With the Delta variant of COVID-19 fueling a recent infection increase, Mayor Bill de Blasio made clear on Wednesday that the city would double down on efforts to vaccinate New Yorkers against the potentially deadly virus.
Until recently, COVID-19 cases had plummeted to record lows in the Big Apple thanks, in part, to the city’s robust vaccination effort. De Blasio said the proof of its success was found in data released on July 14 which showed that the program had potentially spared more than 8,000 lives and kept an estimated quarter-million New Yorkers from becoming ill.
New York City’s COVID-19 vaccination campaign has prevented more than 8,300 death, prevented almost 250,000 COVID-19 cases, and 44,000 hospitalizations according to a study compiled by epidemiologists at Yale University.
“Those numbers tell a powerful, powerful story,” said de Blasio. “It’s a tribute to the vaccinators, it’s a tribute to the health care heroes.”
The number of cases has started to rise once again due to the Delta variant and the city is putting its focus on preventing the spread of the variant. The city’s 7-day positivity rate ticked up on July 12 to 1.33%.
Dr. Dave Chokshi, the commissioner of the city’s Department of Health, said the increase in numbers is stemming from unvaccinated individuals.
But de Blasio has pointed to low hospitalization rates as proof of the vaccine’s effectiveness. An estimated 90 New Yorkers were hospitalized on July 10 with COVID-19 symptoms, and the hospitalization rate remained at a very low 0.29 per 100,000 residents as of July 12.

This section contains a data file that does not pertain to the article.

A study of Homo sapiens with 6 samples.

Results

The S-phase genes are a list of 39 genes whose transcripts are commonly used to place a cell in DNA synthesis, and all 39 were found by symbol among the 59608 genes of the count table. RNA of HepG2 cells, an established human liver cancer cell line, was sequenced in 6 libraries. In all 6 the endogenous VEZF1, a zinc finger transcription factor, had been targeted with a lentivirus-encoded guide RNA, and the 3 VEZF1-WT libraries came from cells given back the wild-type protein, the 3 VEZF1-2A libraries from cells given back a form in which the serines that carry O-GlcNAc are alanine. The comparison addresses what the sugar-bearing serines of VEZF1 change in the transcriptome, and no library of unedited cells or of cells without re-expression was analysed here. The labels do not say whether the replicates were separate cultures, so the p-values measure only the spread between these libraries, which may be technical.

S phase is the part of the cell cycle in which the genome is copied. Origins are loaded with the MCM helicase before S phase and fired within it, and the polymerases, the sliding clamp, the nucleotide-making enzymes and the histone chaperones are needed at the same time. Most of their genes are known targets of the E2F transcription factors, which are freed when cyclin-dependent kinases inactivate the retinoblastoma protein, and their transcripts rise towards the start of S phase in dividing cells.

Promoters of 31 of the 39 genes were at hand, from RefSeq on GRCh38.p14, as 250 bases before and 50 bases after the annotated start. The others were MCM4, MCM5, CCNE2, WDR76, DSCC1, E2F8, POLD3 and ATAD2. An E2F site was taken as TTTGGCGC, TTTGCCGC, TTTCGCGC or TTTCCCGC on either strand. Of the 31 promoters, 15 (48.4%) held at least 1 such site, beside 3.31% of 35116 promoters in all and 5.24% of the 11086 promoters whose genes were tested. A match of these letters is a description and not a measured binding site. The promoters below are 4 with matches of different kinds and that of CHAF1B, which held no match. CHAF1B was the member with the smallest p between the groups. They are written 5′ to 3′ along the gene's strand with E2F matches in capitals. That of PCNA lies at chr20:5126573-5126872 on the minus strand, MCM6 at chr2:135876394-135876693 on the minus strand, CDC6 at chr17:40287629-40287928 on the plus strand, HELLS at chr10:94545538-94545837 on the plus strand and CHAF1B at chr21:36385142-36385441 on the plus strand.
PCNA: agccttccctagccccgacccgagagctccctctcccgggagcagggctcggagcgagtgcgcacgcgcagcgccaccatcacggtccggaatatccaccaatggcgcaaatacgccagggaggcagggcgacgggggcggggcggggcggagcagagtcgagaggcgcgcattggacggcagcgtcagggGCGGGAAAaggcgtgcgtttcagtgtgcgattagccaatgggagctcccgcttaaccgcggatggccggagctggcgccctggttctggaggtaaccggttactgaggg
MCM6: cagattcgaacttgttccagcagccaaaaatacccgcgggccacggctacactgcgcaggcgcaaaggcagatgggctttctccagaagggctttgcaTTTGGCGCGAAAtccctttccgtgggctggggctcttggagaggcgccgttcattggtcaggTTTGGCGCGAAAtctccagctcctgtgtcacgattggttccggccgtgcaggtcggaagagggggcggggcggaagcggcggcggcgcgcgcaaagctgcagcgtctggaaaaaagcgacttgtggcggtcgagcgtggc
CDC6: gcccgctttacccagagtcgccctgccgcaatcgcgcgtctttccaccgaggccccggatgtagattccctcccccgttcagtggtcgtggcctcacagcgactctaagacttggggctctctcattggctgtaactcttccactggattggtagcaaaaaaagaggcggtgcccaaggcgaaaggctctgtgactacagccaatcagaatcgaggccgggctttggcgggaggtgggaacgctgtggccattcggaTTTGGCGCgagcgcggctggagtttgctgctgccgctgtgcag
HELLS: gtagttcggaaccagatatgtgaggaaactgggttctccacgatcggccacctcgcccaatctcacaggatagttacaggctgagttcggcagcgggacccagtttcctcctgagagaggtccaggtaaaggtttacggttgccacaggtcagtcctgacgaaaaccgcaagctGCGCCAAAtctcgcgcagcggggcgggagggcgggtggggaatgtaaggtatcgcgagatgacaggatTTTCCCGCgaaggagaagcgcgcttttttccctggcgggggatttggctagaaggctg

“Our study underscores that the swift vaccine rollout in New York City has played a pivotal role in reducing the COVID-19 burden and in curbing surges from more transmissible emerging variants,” added Alison Galvani, the director of the Yale Center for Infectious Disease Modeling and Analysis.
Hoping to curb the Delta variant — which is said to be more contagious and potent than the standard COVID-19 virus — the city is now ramping up its vaccination effort in 76 neighborhoods with the lowest vaccination rates.
This will be done by opening more mobile vaccination sites, door-to-door canvassing, delivering in-home service to anyone who asks for it, expanding the referral bonus program to non-profits, and having doctors reach out to their patients.
The mayor also reiterated that getting vaccinated is the best way to protect oneself from the new variants.
“The risk is very high and emphasizes how urgent it is for New Yorkers to be vaccinated,” said Dr. Chokshi.
A particular focus will be taken on Staten Island, which has the highest positivity rate of any borough currently.
“We’ve got a lot more to do,” said de Blasio. “Thousands of new people show up every day to be vaccinated. We have to keep driving that number with new and different approaches.”